Monte’s big adventure: Arcana Unearthed

By some miracle we haven’t reported on this yet – probably because the title Arcana Unearthed: The Malhavoc Handbook kinda “buries the lead,” as they say in our country. ‘Cause, see, what it really is, is much more interesting than it sounds. It’s essentially the Player’s Handbook, OGL-happy and free of a D20 logo, with the standard-issue races and classes replaced with new ones. Not Monte Cook’s take on the old ones – those revisions are scattered throughout his D20 work – but new archetypes to replace the old. Fae, giants, and wacky new races instead of standard-issue elves and dwarves and such. Crazy swashbucklers and intense martial monks to replace ordinary rangers and fighters. The same framework as standard D&D, but with new playing pieces.

Me, I think this sounds pretty entertaining, but I wonder if it’ll be properly marketed, or even deemed necessary by most gamers. Here’s a FAQ (good readin’), a column about it (more good readin’), and the weekly design diary (lotsa good readin’). When you’ve had your fill of all that, weigh in below – good idea, bad idea?


  1. A lot of people were initially skeptical of MUTANTS & MASTERMINDS (one of the first of many OGL-based products, others being GODLIKE and EVERQUEST) before it came out, and it did fine. I honestly don’t know how many copies Green Ronin ordered for the First Printing run, but there are already talks of ordering up a Second Printing. As for Monte Cook, he is a well-known figure in the RPG community, particularly the d20/D&D network. He started up Malhavoc Press to get a piece of that market. If his book is pretty good, then by word of mouths and reviews on the internet and game magazines, d20/D&D gamers will pick it up, probably for a different take of a fantasy roleplaying game, or perhaps complementing the D&D game. Wait and see.

  2. Sorry to be a pedant without also adding to the discussion: I think it’s a fine idea, though I’m not sure I’ll have any need for the book myself in the near future.Which is to say, it’s a smart product with a reasonable degree of risk that is going to miss certain consumers altogether. As far as I’m concerned, the real treats are in the design diaries.

  3. Unearthed, unleashed… yada yada yada. Just more evidence that a book of this (apparent) caliber needs a less generic name. It was late, OK?

  4. The title itself definitely seems like a dud – of course most of you already know it’s a play off the title of the old “Unearthed Arcana” supplement to AD&D.

    Strange to be playing off such a supplement when what Monte is creating here is a whole new world, with new races, classes, and even a new magic system. I would have gone for a title with a little more flair, I think. This book definitely isn’t just about “Arcana”.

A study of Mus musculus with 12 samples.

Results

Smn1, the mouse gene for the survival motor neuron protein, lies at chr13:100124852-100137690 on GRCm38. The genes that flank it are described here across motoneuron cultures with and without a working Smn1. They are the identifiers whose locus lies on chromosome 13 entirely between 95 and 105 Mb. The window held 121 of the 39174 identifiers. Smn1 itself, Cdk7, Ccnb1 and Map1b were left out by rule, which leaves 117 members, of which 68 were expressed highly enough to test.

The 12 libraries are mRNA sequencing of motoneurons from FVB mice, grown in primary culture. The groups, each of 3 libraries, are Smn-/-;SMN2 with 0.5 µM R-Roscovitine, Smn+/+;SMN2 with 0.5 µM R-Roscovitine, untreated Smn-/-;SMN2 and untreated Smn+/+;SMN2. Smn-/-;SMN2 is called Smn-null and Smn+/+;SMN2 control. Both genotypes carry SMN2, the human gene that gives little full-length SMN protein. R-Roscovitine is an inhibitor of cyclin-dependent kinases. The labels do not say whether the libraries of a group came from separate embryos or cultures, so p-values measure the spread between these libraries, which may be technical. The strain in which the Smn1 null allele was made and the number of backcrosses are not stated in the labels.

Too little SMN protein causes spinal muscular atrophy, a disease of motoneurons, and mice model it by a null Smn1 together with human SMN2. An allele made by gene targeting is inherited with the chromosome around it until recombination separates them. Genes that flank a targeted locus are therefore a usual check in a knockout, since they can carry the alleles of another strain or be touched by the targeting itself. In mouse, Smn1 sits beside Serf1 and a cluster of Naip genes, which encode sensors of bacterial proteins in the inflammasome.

That said, I think the book will do moderately well – Monte’s well known and gets a lot of traffic to his website. In addition, he’s known for putting out some quality products with Malhavoc.

    All the same, I think there’s a fair amount of folk (myself included) who don’t really feel that D&D *is* D&D without wizards, fighters, rangers, elves, dwarves, and orcs. And when the time comes for me to branch out into d20 variances, I think I want to try something way out there like the Star Wars d20 game, or Spycraft… not just a different flavor of D&D.

  5. By “Arcana,” you mean plural of “arcanum,” which means a secret known to a select few, right? As for a different flavor of D&D, why not? FORGOTTEN REALMS gave us the Purple Dragon Highknight and Red Wizard, DRAGONLANCE gave us Solamnic Knight and Robed Wizard of High Sorcery, and I’m sure KINGDOM OF KALAMAR and SOVEREIGN STONE offer more classes, so I welcome more. AFAIC, Malhavoc Press are well known to publish d20 products tailor-made for fantasy genre. If Monte Cook is comfortable giving us this kind or products in stores, so be it.

  6. Maybe I’m mistaken, but this will be more of a difference than the rest of you are implying. This is a new world for D&D only if FR, Greyhawk, DL, DS, PS together are one “world”

    This will be the difference between CyberPunk 2020 and Shadowrun…Star Trek and Star Wars…This is a whole new Universe, within which there can be whole new worlds of FR calibre.

    It’s been a while since I’ve played D&D in any form, but this is tempting me to return in force…both to old haunts, and new.

  7. I’m sure it will do well, but I think I’d rather see Monte focus on his Ptolus setting. I think a P. setting book would be an excellent read and more widely received.

    If I were interested in buying a D&D variant,however, I’d be more inclined to look at Hackmaster. I like elves and dwarves, but a different set of mechanics to govern how play runs is more to my liking.

  8. I am really excited about this. I read the design diary, etc. and there is a lot I like about it. I really like is that the designer had a pre-thought out magical cosomology/world view that guides not just the setting but the whole system. Ursula le quin wrote that the key to creating a consistent fantasy world is to have an understanding and paradigm for what magic is and how magic works in that world. That is exactly what Monte has done– magic is a transformational power through which beings define and guide who/what they are; their destinies.

    If Monte Cook’s claims are true, I also like the idea that castles work. In normal dnd castles should never have evolved, since they are too easy to take with even moderate level spells.

    And the faen and giants are cool player races to boot!